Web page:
Among my favorite publications for the legal and e-discovery space is the litigation trends forecast published by then Norton Rose (before the 2013 Fulbright merger). Introduced in 2004, the Trends Survey is always chock full of useful insights paired with actual (and statistically significant) data that practitioners value. It’s a tool you could truly use to plan, particularly if you found a nexus between general litigation trends and e-discovery.
The 2017 Litigation Trends Annual Survey is no exception and is a must read. Norton Rose Fulbright (NRF) polled more than 300 corporate counsel—primarily general counsel—representing US-based organizations on disputes-related issues and concerns.
This year there are some notable trends that didn’t move and grow with the typical trajectory.
Changing Times are Changing Disputes
The first insight surrounds general litigation volumes. In past years, it was largely a truism that litigation volumes and regulatory inquires would increase—with obvious financial impacts on e-discovery (among other industries). The 2016 estimates offered compelling support for this understanding:
- 24 percent of respondents believed the volume of disputes would increase in the year ahead versus only 13 percent anticipating a decrease
- 97 percent of respondents perceived regulators to be more interventionist during the last 12 months
2017 appears to tell a different tale though, with disputes starting to plateau after a steady rise since 2010: “Volume of disputes shows signs of decline as more companies start to utilize preventative measures and early case resolution.”
Despite the overall flattening, certain types of litigation are in fact increasing, and for the ones that do, their cost and complexity likely has gone up as well:
One of the reasons that the disputes tide has stemmed is due to the use of “preventative measures,” such as increased training and new risk management processes.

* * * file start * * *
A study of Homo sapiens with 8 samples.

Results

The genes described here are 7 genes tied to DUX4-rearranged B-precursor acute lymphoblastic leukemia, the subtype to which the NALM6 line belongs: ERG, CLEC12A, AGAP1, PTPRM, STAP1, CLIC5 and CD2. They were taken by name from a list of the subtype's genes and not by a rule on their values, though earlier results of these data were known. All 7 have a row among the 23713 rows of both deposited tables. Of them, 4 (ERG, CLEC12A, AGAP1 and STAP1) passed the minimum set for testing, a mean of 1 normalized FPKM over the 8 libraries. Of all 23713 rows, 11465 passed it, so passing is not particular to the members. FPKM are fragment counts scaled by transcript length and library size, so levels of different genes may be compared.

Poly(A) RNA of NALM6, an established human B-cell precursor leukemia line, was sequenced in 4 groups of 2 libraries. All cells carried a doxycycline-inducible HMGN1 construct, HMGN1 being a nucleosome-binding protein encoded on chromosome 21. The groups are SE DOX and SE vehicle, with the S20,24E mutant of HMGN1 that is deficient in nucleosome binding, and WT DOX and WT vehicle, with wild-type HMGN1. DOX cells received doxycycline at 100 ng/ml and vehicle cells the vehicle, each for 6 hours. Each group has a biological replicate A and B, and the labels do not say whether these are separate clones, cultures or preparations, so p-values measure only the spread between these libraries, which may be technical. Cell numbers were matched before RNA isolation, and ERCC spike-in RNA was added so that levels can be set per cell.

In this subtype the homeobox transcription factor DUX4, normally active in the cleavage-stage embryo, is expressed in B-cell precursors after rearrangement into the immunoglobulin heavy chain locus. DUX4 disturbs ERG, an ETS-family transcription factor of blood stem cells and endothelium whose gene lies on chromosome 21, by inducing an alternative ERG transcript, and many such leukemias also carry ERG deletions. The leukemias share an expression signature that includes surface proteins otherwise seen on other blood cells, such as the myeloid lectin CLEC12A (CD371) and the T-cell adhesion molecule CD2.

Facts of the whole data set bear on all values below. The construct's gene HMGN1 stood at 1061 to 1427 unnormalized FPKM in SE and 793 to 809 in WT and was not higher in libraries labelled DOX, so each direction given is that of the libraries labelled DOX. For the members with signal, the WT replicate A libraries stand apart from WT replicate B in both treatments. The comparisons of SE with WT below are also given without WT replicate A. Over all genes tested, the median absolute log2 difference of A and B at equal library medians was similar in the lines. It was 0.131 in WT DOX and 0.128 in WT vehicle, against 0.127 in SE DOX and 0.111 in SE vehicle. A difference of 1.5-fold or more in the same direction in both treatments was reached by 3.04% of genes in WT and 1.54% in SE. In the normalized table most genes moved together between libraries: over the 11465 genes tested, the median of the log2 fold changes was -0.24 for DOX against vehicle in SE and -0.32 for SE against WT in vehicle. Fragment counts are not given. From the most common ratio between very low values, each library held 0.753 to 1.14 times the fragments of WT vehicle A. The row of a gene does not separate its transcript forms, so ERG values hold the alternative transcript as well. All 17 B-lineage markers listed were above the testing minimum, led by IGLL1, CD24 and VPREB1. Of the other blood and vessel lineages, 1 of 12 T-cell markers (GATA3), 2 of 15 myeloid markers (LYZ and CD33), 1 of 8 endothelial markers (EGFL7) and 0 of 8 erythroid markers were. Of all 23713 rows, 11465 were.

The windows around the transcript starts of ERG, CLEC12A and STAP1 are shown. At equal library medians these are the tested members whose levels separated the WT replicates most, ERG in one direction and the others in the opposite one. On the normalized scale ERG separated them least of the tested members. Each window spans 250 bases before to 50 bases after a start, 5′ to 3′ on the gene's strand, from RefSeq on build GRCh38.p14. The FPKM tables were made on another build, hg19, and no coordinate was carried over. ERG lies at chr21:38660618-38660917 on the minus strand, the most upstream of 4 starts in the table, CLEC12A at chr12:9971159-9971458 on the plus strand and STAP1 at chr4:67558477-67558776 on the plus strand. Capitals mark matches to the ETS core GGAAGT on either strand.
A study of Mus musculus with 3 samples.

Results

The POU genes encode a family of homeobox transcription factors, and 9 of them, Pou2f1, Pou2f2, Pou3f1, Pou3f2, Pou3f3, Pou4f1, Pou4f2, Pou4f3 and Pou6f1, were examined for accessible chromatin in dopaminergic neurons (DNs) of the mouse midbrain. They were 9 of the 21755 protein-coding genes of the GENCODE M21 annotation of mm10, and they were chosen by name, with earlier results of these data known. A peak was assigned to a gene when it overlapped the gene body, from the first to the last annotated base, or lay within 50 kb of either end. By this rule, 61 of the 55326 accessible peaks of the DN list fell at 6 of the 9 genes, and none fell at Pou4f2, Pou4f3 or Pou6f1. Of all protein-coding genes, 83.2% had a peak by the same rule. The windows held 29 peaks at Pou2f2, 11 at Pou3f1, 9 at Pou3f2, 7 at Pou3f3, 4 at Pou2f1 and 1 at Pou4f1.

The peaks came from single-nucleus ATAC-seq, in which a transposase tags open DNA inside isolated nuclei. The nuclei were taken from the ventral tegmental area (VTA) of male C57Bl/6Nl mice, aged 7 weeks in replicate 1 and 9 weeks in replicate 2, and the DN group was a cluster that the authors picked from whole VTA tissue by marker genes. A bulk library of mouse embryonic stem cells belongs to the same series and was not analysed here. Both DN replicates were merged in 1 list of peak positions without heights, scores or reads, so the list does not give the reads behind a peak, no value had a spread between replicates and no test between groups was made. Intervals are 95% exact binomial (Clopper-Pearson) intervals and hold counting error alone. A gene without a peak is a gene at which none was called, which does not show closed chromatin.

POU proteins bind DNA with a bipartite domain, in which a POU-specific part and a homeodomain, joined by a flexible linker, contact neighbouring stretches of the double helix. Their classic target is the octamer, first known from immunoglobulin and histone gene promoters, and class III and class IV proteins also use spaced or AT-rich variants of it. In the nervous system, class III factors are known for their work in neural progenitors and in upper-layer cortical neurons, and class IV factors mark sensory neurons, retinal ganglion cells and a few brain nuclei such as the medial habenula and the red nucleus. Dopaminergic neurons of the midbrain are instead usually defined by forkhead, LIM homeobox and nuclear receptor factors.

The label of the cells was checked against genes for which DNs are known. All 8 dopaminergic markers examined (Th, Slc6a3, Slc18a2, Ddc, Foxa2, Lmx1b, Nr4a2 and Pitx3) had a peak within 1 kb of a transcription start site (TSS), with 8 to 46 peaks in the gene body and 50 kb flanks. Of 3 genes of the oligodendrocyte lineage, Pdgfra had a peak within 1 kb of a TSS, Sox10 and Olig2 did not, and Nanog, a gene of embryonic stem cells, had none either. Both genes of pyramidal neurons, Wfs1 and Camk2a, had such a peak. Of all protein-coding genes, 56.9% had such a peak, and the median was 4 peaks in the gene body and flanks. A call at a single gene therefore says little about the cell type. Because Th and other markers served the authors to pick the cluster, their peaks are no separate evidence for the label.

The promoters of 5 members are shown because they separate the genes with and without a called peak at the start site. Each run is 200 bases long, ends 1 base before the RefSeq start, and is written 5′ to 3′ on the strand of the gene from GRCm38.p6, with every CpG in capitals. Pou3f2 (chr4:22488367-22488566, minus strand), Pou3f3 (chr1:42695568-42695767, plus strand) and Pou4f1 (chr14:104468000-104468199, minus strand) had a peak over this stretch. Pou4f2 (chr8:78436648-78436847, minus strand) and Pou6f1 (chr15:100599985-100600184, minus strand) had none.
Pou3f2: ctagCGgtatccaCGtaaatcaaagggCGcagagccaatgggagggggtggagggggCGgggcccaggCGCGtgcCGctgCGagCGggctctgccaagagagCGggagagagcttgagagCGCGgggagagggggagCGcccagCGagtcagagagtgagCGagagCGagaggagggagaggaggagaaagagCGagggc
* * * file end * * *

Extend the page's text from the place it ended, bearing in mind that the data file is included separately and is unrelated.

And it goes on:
Interestingly, early case resolution/evaluation “is one of the most successful means to avoid litigation;” just under two-thirds of respondents have implemented it, leading to its standing as the second most effective measure. This bodes well for software companies that have ECA tools and for practitioners that have been championing this approach for years.
Cybersecurity and Privacy Pressures
Despite the foregoing trends regarding disputes, the report’s headline (not surprisingly) surrounded information security and data privacy. Nearly two-thirds of those polled (63 percent) felt “more exposed to disputes in this area.”
Gerry Pecht, NRF’s Global Head of Dispute Resolution and Litigation, said:
“For large companies that work with massive amounts of sensitive personal data, data protection is an absolute imperative. A single cyber event has the potential to expose a business to class actions and serious reputational risk.”
To address these concerns, the Trends Survey recommends that companies focus on the following three areas to evaluate risk and readiness:
- Target data
- Prevalence of high value data and proprietary information
- Sensitivity of information
- Weak points
- Operational vulnerabilities
- Regular scrutiny
- Scale of threat
- Volume of prevalence of threats
- Sophistication and aggressiveness of external threats
The respondents found that the “primary risk lies in the value of the data being held” and was particularly acute for regulated entities in the life sciences, healthcare, and financial sectors.
Cybersecurity concerns were bookended by similar data privacy concerns due to the impending General Data Protection Regulation (GDPR):
“Cybersecurity and data protection are increasingly dynamic risk areas, and with increasing scrutiny emerging from areas such as GDPR, there is little doubt that organizations will have to review and update their defenses constantly.”
It’s impossible to briefly summarize all the findings in the Trends Survey but these headlines are buttressed with plenty more compelling, underlying data. Organizations that want to properly assess and respond to these winds of change, would be well served to fully digest this excellent body of research.